BEEKMANTOWN — Unofficial voting results Thursday night declared an upset in the Beekmantown Town Supervisor race as political newcomer Norman Davis, a Republican, snagged almost 60% of votes, swiping the seat from incumbent Sam Dyer.
It was the second time Davis and Dyer duked it out on the ballot.
The pair each tried for the supervisor seat in 2017 and, following a series of discrepancies and a judge's ruling, Dyer ultimately beat his challenger by a single vote.
That was why Davis, 68, was hesitant to celebrate his unofficial win Tuesday evening.
"I'm in the lead, yes, but I'm not declaring a victory," he said. "I've had a run in with the Board of Elections before. I'll wait until they certify it before I start celebrating."
Come January, Davis hoped to make government more transparent and continue the ongoing work to the town's water districts.
"I want to thank all of the people who voted for me."
According to the Clinton County Board of Elections' unofficial results Tuesday, Davis received 737 votes to Dyer's 497. Just over 190 absentee ballots were sent out and, as of Monday afternoon, 120 were reportedly returned.
"The people of Beekmantown have spoken," Dyer, 57, said Tuesday. "If that's who they want, then that's who they've got. My hat's off to him."
Dyer, who appeared on the Democratic and Conservative party lines, has served as supervisor for four years. He previously served as a Beekmantown Town councilor for over a decade and Area 3 Clinton County legislator for six years.
"Politics is a different game," he said. "You've got to be able to speak to the people and answer questions. He (Davis) was elected without answering questions or saying what he wants.
"But, hey, I've enjoyed what I've done from the Town Board to the legislature to being the supervisor of the town. I've enjoyed what I've done and I think my record speaks for itself. . . I've always put the people who I represent first, not myself."
Fellow incumbent 64 year old William "Bill" Chase, a Republican, was defeated in the race for Dannemora Town Supervisor.
Deborah "Deb" Coryer, Dannemora's town clerk of 9 years, received 286 votes, more than 60%, according to Tuesday's unofficial results.
"I was pleased," she said. "I know I had a lot of supporters and I was thankful for them. I've just started to think about what to do next."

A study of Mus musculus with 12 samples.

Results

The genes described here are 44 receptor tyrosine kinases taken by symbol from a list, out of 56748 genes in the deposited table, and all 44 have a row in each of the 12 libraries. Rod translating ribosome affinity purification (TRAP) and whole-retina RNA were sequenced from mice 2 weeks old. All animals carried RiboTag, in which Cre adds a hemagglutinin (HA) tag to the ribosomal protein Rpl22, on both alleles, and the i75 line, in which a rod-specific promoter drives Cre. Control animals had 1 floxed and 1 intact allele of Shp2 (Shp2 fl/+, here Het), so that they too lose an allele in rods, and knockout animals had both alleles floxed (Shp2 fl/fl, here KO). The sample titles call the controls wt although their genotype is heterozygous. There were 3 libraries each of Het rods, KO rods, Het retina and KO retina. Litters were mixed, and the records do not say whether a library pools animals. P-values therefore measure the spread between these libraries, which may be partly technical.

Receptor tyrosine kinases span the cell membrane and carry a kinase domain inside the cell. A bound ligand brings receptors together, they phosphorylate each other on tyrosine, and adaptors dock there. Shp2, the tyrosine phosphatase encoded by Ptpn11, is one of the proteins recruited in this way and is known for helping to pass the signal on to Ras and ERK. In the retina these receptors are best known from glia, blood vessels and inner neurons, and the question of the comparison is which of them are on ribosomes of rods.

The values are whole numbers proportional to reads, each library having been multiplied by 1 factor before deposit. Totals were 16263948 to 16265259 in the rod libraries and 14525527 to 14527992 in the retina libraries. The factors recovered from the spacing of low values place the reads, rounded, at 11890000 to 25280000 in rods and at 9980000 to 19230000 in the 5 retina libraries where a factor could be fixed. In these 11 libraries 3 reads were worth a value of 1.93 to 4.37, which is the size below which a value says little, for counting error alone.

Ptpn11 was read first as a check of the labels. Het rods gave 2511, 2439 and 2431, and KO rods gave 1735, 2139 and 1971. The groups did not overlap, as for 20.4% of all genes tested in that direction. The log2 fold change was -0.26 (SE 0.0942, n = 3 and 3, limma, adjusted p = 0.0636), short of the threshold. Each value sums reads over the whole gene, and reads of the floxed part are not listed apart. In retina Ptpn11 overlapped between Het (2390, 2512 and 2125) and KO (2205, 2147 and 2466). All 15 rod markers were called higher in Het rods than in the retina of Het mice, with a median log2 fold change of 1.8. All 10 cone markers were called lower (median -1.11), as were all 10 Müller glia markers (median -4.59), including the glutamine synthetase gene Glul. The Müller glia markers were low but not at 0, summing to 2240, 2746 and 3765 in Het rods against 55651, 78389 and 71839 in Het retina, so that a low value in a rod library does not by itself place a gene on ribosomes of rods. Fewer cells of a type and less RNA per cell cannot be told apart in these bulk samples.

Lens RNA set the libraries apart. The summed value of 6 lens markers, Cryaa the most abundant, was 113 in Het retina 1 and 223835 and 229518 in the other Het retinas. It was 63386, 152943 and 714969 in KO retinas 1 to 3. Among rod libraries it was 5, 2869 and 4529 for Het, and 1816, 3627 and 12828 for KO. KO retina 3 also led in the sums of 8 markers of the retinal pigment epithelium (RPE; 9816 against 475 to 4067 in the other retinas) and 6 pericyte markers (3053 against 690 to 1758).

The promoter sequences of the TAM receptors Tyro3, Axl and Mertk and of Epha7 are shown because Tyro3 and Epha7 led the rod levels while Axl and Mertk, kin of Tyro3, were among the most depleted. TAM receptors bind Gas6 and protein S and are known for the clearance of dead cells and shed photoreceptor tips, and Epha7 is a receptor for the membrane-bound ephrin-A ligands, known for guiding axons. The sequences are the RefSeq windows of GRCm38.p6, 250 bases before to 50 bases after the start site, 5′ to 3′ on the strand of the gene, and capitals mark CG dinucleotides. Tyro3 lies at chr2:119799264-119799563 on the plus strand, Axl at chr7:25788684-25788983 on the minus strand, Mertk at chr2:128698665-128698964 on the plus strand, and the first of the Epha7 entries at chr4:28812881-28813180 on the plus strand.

Coryer, 60, hopes to start building bridges with other towns and develop a working relationship with Dannemora Town Board members.
Chase has held the supervisor seat for eight years and previously served as a town councilman.
He was down 101 votes Tuesday evening.
According to the Clinton County Board of Elections, 72 absentee ballots were mailed to Dannemora residents, 55 of which were returned as of Monday afternoon.
Chase could not be reached for comment Tuesday evening.
Incumbents were victorious in the Saranac and Schuyler Falls towns supervisor races Tuesday.
Republican Timothy Napper, current Saranac Town supervisor, ended the night with 671 votes and a 320-plus vote lead on opponent Steve Fulton, a Democrat.
The Town of Saranac had 89 absentee ballots sent out and 59 returned as of Monday afternoon, the Board of Elections reported.
Napper appreciated the votes he had received, noting various challenges he navigated since taking office, including the retirements of longtime employees, COVID-19 and Town Clerk Mary L. Bell's active administrative leave.
"I think people understood that, given everything that I've had to deal with — they apparently thought I did a very reasonable job."
Napper, 69, thanked his opponent for a clean race.
"I told him to stay involved. He (Fulton) certainly is a very accomplished person. He ran a good race; we weren't slinging mud at each other."
Fulton could not be reached for comment Tuesday evening.
Kevin Randall, 56, defended his seat as Schuyler Falls Town supervisor against challenger Reginald "Reg" Facteau.
The incumbent was listed under both the Republican and Democratic party lines.
He received 658 votes.
Facteau, a 68-year-old retired correction officer, was listed on the Conservative and Common Sense party lines. He received just under 200 votes as of Tuesday evening.
The Board of Elections reported 132 absentee ballots sent out with 57 returned as of Monday afternoon.
Neither candidate could be reached for comment Tuesday evening.